The Supreme Court today upheld a Madras High Court verdict ordering a CBI probe into the multi-crore rupee gutkha scam in which a minister and top state police officers and officials are alleged to be involved.
A bench headed by Chief Justice Dipak Misra dismissed an appeal filed by E Sivakumar, who was an officer in the Food Safety and Drug Administration Department at the time of the scam. He had moved the top court challenging the April 26 high court order.
The apex court said the high court has "cogitated" over all issues in detail and the probe was transferred to the CBI to ensure fair investigation in the case.
The case relates to an Income Tax Department raid in the offices, residences and godowns of a gutkha (a tobacco product) manufacturer in Tamil Nadu in 2016. A diary seized then allegedly listed bribe payments made to various officials.
It said there was no "infirmity" in the order and said the transfer of case to CBI was necessary for instilling "confidence in the minds of the victims as well as public at large".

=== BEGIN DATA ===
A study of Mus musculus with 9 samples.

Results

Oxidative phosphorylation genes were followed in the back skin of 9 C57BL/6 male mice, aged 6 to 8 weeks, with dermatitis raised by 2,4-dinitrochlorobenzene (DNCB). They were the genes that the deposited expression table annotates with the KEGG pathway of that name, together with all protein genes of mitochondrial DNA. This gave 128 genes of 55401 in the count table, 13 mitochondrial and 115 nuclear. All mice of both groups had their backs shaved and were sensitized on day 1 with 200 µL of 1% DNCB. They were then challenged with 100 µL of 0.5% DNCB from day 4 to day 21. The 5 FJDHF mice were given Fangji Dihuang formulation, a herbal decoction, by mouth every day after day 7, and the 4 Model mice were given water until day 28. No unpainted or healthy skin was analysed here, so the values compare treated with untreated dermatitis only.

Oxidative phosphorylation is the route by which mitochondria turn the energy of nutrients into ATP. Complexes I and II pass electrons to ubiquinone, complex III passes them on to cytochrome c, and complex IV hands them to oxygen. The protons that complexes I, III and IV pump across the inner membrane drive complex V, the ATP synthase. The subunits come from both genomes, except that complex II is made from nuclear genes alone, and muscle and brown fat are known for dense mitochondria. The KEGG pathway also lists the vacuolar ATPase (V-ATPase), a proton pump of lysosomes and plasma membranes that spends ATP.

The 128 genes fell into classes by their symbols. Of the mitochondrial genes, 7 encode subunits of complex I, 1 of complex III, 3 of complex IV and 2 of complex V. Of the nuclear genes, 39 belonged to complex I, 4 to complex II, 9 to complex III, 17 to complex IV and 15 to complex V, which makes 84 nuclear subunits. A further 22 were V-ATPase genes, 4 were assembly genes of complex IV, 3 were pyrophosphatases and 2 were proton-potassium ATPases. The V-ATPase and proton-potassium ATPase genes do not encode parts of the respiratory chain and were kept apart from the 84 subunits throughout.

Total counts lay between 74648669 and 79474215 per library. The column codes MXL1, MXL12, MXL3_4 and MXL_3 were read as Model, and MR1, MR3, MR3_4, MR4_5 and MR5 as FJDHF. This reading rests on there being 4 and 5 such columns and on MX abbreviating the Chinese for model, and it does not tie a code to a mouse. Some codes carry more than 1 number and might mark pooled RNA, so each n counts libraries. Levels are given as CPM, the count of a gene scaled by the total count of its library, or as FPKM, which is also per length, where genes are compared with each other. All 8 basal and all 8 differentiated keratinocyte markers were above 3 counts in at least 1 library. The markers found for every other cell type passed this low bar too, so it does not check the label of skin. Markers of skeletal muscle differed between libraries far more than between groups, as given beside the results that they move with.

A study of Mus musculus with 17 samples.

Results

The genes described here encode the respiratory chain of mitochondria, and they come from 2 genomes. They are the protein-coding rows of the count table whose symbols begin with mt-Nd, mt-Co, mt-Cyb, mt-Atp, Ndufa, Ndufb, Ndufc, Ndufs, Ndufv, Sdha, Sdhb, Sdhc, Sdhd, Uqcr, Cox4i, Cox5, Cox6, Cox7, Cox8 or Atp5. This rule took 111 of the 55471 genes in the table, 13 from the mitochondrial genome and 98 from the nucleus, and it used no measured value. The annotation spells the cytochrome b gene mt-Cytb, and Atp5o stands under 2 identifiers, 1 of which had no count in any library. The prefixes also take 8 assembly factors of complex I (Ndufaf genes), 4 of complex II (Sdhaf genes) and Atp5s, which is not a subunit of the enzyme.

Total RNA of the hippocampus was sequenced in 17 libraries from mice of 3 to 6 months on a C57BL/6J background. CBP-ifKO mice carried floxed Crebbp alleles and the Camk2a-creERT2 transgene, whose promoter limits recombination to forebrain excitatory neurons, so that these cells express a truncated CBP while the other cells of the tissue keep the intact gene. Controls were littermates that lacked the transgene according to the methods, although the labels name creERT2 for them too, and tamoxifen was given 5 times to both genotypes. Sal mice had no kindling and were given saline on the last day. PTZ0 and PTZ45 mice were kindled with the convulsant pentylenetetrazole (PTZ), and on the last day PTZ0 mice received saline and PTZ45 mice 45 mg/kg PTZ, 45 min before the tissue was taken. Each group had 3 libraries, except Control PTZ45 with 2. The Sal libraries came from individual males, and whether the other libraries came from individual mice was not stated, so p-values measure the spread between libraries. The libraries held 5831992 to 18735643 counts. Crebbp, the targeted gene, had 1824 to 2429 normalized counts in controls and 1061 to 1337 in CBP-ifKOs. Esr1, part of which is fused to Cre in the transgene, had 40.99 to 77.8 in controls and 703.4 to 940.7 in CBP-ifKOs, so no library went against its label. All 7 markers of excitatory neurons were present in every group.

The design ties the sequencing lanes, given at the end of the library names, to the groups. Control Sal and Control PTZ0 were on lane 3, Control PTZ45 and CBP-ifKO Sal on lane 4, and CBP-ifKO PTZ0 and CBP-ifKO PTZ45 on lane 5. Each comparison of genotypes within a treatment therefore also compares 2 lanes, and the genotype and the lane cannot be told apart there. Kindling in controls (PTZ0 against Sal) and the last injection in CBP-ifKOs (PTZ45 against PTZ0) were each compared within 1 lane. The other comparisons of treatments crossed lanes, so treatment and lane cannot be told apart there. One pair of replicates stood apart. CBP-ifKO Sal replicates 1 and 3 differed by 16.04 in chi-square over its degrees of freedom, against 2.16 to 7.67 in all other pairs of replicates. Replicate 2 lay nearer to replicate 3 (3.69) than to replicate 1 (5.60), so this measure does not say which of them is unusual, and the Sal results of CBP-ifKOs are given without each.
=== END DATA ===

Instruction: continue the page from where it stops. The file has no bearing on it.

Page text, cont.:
"We agree with the High Court that the facts of the present case and the nature of crime being investigated warrants CBI investigation...
"Suffice it to observe that we do not intend to deviate from the conclusion reached by the High Court that in the peculiar facts and circumstances of the case, it is but appropriate that investigation of the crime in question must be entrusted to CBI," the bench, also comprising Justices A M Khanwilkar and D Y Chandrachud, said.
The top court also reiterated the high court's finding that the transfer of investigation to CBI was "no reflection on the efficiency or efficacy of the investigation done by the State Vigilance Commission".
The high court had ordered the CBI probe following a petition filed by DMK legislator J Anbazhagan.
The Tamil Nadu government had banned the manufacture and storage of gutkha -- a tobacco product. However, the product was reportedly available in the market with the alleged connivance of the police officers and others.
In his appeal, Sivakumar had said the high court passed the order when the probe regarding the allegations of violation of the ban on gutkha and other tobacco products by the Directorate of Vigilance and Anti-Corruption Commission (DVAC) had commenced and was at an "advanced stage".
He also contended that the order for the probe's transfer was given without hearing any of the accused persons and without looking into the status of the investigation.
(This story has not been edited by Business Standard staff and is auto-generated from a syndicated feed.)